Nov 20 1942.
Well I was in the hospital for six days altogether and then I had a day off to recuperate so I’ve lost a valuable weeks flying. Really it was the mildest flu I’ve ever had. I nearly got out one day but my temparature went up slightly at night which meant staying in all the next day and night.
It was most unfortunate to miss this week for it is the only week our flight got any decent hours. Thus while I still have only 8:10 hours everybody else soloed ages ago and have over twenty hours on the average. Our flight has had no flying at all this week until today due to poor weather. Actually we weren’t slated to fly today but were sent over to fly in the afternoon in an effort to catch up with the other two flights who have been much more fortunate in the weather. This meant that our own instructors were not there and so again I got no flying. The others did because they can go up solo. One of the senior instructors said I might have to drop back a class. (Three of the class that arrived two weeks after us have already soloed). This is O.K. as far as flying is concerned but I am damned if I’m going to repeat ground school which is so slow here as to be uninteresting. We have been writing our mid terms this week and I’m certainly not behind in ground subjects. It is also very annoying to lose all your friends.
Of our class of originally 45 ten have been washed out so far. (A high percentage isn’t it?). Among these are Cam Maddin, Lorne’s brother, and my closest friend here Doug. Lee. Even after you have soloed you are by no means safe for two of ours washed out after successful solo flights. And in the last graduating class two washed out at the 60-hour mark.
Last Saturday (the last time I flew) the circuit was so crowded we couldn’t practice landings which is what I need more than anything. Instead we did more spins. I was with a different instructor and these spins particularly all climbing turns were violent. I didn’t know where I was for awhile on one of his demonstrations.
On Sunday I spent the afternoon with Ted and Gint. Ted had to go back at 5:30 and we walked down to the station with him. It was very cold and we nearly froze. Soon afterwards it started to snow heavily and there was about 8”. It has been snowing intermittently since then (every time we are supposed to be flying). Yesterday it was 28 below but it is away above zero today.
In the last two days I have put in my first two hours on the link. All our link is under the hood—blind flying—and it is fiendish. The instruments are airspeed, turn and bank, tachometer, compass and altimeter and at least the first three must be watched with the most deadly concentration. Unfortunately the turn and bank works rather opposite to the moth so that the turn indicator is controlled surprisingly by the bank on the stick which is more like the Cessnas we fly later and so natural impulses must be restrained. I try not to move the rudder at all because it is too much effort to figure out just which way the ball of the bank indicator would move. On the first lesson you just try to keep the turn and bank centralized while occasionally glancing at the compass to see you heading remains about the same. The instructor has a duplicate set of instruments and so knows what you are doing and in addition an electric ‘crab’ on his desk traces your path on a piece of paper. So far so good. The really tough part is to keep the airspeed at 85 by raising or lowering the nose. Suppose you find the airspeed is 70 you push the stick forward into a glide. Unfortunately there is a lag until the speed picks up and so you hold it forward too long and when the speed does pick up it keeps on going, even though you now have the stick back, up and up passed 90 and even 100. So you put the stick frantically forward and the process is repeated. To make it worse the thing is extremely sensitive and actually the stick is not moved ½” and usually less than 1/4”. Just when you get it more or less at 85 rough air is turned on and you concentrate hard on keeping turn and bank central. Then suddenly you realize with horror that your airspeed had dropped to 50 and you are almost in a stall. (The link will spin just like an aeroplane if you drop below the stalling speed).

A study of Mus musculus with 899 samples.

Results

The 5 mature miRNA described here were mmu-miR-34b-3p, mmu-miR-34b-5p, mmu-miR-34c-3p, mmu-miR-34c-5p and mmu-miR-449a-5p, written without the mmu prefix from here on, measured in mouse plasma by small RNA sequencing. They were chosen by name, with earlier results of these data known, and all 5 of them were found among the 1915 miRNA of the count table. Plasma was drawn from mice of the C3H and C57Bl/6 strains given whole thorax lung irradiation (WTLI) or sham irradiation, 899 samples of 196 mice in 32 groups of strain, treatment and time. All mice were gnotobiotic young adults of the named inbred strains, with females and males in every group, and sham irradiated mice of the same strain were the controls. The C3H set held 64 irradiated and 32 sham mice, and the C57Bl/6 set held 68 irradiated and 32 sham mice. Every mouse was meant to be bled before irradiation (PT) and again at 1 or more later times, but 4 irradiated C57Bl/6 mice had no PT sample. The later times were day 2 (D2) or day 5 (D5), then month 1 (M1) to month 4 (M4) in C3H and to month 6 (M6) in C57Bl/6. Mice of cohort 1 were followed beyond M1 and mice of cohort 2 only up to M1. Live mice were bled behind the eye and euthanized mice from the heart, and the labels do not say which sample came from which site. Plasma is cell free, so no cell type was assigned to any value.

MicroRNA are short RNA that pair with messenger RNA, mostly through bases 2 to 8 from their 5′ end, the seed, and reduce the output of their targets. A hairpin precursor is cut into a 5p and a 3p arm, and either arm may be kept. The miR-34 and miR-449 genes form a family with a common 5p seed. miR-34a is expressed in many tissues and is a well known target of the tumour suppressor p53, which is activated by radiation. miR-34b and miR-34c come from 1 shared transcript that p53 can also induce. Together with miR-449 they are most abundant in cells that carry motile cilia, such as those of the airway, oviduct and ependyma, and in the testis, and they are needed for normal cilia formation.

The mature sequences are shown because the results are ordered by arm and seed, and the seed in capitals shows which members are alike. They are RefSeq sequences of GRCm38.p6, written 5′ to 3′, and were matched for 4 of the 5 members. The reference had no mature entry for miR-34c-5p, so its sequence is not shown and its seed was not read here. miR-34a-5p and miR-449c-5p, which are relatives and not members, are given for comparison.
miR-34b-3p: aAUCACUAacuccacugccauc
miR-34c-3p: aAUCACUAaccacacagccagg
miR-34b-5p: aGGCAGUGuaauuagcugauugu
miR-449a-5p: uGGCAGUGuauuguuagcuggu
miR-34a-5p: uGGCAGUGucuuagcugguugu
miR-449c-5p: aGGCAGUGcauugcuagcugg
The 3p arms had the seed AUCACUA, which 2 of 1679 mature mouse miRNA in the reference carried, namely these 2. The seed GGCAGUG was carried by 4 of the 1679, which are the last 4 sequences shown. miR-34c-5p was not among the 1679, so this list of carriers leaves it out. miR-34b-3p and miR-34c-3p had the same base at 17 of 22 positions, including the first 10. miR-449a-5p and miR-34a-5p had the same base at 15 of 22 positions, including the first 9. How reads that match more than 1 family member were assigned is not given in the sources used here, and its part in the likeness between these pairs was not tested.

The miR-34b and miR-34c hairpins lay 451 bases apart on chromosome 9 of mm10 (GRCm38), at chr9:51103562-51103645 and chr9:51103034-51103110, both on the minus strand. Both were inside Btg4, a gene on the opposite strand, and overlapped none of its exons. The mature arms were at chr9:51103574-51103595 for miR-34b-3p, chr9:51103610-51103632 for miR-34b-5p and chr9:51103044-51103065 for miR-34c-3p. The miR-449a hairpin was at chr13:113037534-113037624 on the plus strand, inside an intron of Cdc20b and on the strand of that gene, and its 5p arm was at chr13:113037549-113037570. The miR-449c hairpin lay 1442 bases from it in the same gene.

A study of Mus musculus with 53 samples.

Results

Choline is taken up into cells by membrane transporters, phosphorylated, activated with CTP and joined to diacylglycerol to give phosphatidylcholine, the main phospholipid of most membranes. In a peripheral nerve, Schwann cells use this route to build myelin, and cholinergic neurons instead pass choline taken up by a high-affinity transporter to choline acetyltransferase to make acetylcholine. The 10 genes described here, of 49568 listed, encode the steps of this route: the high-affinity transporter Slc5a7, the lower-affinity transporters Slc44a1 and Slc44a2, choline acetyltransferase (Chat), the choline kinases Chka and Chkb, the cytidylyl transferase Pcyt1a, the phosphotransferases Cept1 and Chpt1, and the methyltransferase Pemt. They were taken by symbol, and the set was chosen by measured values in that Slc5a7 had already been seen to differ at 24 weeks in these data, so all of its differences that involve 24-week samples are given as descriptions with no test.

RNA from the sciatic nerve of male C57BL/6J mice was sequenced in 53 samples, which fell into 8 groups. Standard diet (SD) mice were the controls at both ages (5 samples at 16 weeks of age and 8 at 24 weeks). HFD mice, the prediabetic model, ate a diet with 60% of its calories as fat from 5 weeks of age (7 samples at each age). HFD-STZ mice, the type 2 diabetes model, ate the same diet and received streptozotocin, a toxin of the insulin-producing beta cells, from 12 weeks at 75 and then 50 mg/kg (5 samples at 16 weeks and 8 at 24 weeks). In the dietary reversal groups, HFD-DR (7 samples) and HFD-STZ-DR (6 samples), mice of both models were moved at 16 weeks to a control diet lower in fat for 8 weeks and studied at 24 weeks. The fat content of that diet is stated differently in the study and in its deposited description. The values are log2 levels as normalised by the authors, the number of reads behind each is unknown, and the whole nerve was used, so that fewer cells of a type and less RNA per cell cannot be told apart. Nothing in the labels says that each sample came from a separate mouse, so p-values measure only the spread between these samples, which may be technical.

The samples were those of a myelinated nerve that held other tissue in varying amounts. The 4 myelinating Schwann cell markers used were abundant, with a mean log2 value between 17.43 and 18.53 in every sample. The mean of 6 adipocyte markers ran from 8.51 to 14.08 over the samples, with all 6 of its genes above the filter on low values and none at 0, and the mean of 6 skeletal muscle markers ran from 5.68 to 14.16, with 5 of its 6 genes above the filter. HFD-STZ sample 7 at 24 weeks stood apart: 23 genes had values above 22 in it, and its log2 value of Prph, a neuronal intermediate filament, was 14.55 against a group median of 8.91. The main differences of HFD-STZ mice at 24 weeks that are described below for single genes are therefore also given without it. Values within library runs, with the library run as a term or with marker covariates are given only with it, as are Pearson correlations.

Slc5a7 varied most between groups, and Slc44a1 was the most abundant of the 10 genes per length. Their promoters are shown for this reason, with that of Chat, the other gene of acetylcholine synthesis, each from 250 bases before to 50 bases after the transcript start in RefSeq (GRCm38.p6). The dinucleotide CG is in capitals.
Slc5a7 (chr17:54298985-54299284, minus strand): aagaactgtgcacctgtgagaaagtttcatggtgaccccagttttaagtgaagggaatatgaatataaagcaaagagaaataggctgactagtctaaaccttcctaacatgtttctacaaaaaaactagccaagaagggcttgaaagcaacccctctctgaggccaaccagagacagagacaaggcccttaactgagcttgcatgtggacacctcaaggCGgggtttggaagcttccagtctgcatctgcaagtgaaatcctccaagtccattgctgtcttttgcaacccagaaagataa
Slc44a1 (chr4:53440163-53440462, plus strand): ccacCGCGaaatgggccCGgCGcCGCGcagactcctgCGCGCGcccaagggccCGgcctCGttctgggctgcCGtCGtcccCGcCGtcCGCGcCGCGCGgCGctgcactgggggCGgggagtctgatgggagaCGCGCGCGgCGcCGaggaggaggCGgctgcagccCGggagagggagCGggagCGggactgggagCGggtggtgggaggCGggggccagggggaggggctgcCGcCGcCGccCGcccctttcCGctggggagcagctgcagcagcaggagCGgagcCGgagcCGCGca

I thought this would never be mastered but today I held it dead on 85 for a long time and travelled in a straight line. My system was to hold the stick with both hands supporting it gently with fingertips and hardly breathing at all. However this didn’t last long because I had to try something new. This was to move the throttle down from 2000 rpms to 1500 rps and keep speed at 85 by slightly moving the stick forward. This was hard but not as hard as keeping the airspeed at a given figure and maintaining a certain altitude by varying the r.p.m. and of course the stick. I suppose later on these last exercises will have to be done under rough air and while turning. You have a two way phone communication with the instructor. They were wise to design it so that your own headphones are connected to your microphone for a muttered curse is loudly amplified in your own ears. Thus you don’t do it twice.
We have airmail service from here to Vancouver, the mail plane landing on this airport twice a day. Airmail letters from Vancouver get here very quickly which is why I thought it would save time.
Well, it is too bad you have to lose the 7% from the mill. It certainly has been a profitable investment especially when you get all the capital back.
It sounds as if you had a very successful shooting season this year.
With love from
[Note: transcriptions provided by collection donor.]